By Bill Heaney
Harsh criticism of the way the public are treated by West Dunbartonshire Council has emerged from a trade union consultation about opening hours for the Council offices in the Burgh Hall at Dumbarton.
GMB trade union representative David Scott asked Council employees for their thoughts on the opening hours at the £15 million, refurbished Church Street offices being changed from 7am to 7pm to 6pm, a reduction of one hour.
This will puzzle many people since the main front doors of the offices, where the reception is situated, are often closed to the public until 9.30am.
The question being asked of staff is: “What are staff thoughts on Church Street opening hours being changed from 7am – 7pm to 7am – 6pm for a trial period?
“Will this change affect your work pattern or do you have any thoughts on this change?”
Staff member Jean McMurdo Halliday said the proposal seemed “logical” since it would allow staff more flexibility in starting/finishing their work.
This was the situation at their old offices in Garshake, which are currently being demolished.
But David Scott told her: “They [the management] are taking away an hour, so you would then have less flexibility.”
Jean McMurdo Halliday reconsidered her position on the matter – “[I’m] not sure then! Although I think 7pm is pretty late to finish a working day even though you may or may not have started later.
“What would be interesting is to find out the percentage of staff that have used up to date.”
Allan Kane pointed out – “Surely it’ll affect anyone that uses flexi?”
These questions were followed by an excoriating outburst from Sean McFall, deeply critical of the present situation regarding the way the public are treated by some council employees.
He said: “WDC should make sure that staff are available when the public want them to be. Frequently they don’t answer the phone for more than ten minutes, then when you do get through, the switchboard operator doesn’t have a clue where to direct your call.
“Then, even if you get connected to the right extension, you’ll be told that the person you need ‘isn’t in today’ and, of course, nobody else can deal with your query.
“If a business treated its customers like WDC treats its taxpayers, they’d go bust.
“The problem is that there is no imperative on [Chief Executive Joyce] White and her thousands of employees to improve anything at all.
“Because, as the ongoing allegations of impropriety show, they’re unaccountable, untouchable and don’t give a toss for the people who pay their wages.”
Allan Kane said: “I assure you that the thousands of employees do give a toss and are far from unaccountable or untouchable.”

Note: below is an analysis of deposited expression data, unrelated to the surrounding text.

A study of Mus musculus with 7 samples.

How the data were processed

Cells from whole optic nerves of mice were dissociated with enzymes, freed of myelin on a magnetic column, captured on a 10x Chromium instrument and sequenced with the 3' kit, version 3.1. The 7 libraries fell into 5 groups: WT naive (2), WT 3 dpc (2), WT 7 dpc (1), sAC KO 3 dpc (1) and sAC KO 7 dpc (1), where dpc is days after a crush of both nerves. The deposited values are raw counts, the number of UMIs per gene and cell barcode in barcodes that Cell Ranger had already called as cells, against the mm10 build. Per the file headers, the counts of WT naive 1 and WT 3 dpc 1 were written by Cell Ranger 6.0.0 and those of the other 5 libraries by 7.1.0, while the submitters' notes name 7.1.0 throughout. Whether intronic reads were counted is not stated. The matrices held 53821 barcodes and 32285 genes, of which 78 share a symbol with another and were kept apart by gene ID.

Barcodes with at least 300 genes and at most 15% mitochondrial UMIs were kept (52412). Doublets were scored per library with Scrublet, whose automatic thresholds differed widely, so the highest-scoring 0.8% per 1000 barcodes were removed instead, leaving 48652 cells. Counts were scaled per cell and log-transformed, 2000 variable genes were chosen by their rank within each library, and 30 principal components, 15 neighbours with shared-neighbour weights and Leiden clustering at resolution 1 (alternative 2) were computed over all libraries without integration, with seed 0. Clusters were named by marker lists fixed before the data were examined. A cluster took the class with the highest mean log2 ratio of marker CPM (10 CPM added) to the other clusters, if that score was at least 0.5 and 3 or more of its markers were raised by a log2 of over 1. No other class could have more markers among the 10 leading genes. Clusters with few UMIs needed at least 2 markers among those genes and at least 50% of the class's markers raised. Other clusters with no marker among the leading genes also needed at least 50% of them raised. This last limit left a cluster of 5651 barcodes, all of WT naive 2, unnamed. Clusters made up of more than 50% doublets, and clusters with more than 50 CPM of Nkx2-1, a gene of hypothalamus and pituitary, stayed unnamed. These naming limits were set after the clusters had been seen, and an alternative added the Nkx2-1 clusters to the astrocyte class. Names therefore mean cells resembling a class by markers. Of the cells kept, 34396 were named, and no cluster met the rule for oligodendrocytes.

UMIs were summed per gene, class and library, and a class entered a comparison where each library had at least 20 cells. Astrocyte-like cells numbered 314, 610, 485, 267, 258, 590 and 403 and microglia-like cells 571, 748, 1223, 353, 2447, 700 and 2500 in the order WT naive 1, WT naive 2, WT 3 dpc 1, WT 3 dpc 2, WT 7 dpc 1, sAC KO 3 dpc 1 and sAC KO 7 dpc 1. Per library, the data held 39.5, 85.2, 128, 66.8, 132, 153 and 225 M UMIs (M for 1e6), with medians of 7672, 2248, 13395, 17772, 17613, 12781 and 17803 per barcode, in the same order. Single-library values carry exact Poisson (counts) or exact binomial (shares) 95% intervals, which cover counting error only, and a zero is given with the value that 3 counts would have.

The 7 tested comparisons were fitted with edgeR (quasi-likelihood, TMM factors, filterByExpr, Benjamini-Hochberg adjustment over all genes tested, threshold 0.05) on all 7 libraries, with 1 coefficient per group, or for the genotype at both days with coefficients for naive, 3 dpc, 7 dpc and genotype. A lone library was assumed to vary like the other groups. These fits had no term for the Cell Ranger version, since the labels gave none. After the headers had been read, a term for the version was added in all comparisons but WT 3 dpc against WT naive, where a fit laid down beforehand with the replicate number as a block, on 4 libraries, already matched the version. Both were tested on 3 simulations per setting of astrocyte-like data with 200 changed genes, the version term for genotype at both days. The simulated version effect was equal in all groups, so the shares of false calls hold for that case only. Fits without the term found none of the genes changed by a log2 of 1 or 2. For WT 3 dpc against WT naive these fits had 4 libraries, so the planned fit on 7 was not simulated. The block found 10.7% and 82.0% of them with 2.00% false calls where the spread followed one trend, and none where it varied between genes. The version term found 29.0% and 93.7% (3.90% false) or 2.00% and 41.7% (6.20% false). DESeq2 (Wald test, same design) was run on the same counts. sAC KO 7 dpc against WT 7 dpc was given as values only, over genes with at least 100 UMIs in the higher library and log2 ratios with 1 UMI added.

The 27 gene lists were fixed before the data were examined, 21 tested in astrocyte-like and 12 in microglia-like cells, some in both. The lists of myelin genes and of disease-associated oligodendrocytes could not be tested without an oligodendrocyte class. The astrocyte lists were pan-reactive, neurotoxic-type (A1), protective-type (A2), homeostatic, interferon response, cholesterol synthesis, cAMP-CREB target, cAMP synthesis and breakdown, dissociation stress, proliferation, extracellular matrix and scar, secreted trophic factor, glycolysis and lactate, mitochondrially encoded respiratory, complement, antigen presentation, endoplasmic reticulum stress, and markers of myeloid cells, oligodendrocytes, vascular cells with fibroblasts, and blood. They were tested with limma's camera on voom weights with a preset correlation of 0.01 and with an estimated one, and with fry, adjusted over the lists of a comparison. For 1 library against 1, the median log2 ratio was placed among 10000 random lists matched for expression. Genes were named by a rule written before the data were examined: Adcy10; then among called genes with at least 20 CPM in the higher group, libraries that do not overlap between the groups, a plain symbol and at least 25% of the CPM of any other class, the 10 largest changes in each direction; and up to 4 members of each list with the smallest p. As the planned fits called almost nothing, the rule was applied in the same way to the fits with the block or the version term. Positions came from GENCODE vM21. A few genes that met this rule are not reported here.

Margaret McMillan said: “That’s the same as us, we get told they are on the phone not at their desk or outside how come we can’t say that when we are at work.”
Sean McFall asked: “So why are the services so bad? WDC has been in the bottom five of the performance tables for Scottish Councils for a very long time. Budgets are allegedly cut but the headcount barely changes – how does that work?”
Margaret Mcmillan said: “That’s the same as us we get told they are on the phone not at their desk or outside how come we can’t say that when we are at work.”
Cllr Jim Bollan, who appears to be about the only councillor willing to communicate with the electorate on social media told Allan Kane: “You are spot on, the shortage of staff is widespread across the Council. In one department alone there are four contracts on hold waiting on a procurement officer being allocated to them? Wonder how that happened…
“There is also a backlog of applications for medical points in housing currently running at over 200.
“In another department, we are so short-staffed that an employee on flexible retirement is having to work extra hours and be paid overtime, which they are quite rightly entitled to.”
But Sean McFall stuck with his criticism: “What’s the current FTE headcount and what was it in the last five years? How many staff have actually been shed?
“Not counting those in housing since obviously all of their wages, pensions and employment costs are completely paid for by the HRA.”
Jim Bollan replied that around 700 jobs had been lost in the past six years – “We used to have 6,200 it is now 5,500.
“Stress-related work illness is on the increase again due to the shortage of staff.”
Craig Clifford said: “On average over 100 jobs a year disappearing. Aye, no much of a change there eh? Folk still expect the same level of service as well.”
The Council refuses to comment to The Democrat, but this seems to be yet another instance of them getting things wrong at the Burgh Hall which is neither fit for purpose as a debating chamber or offices for the Social Work Department, whose officials require privacy and have had to be moved.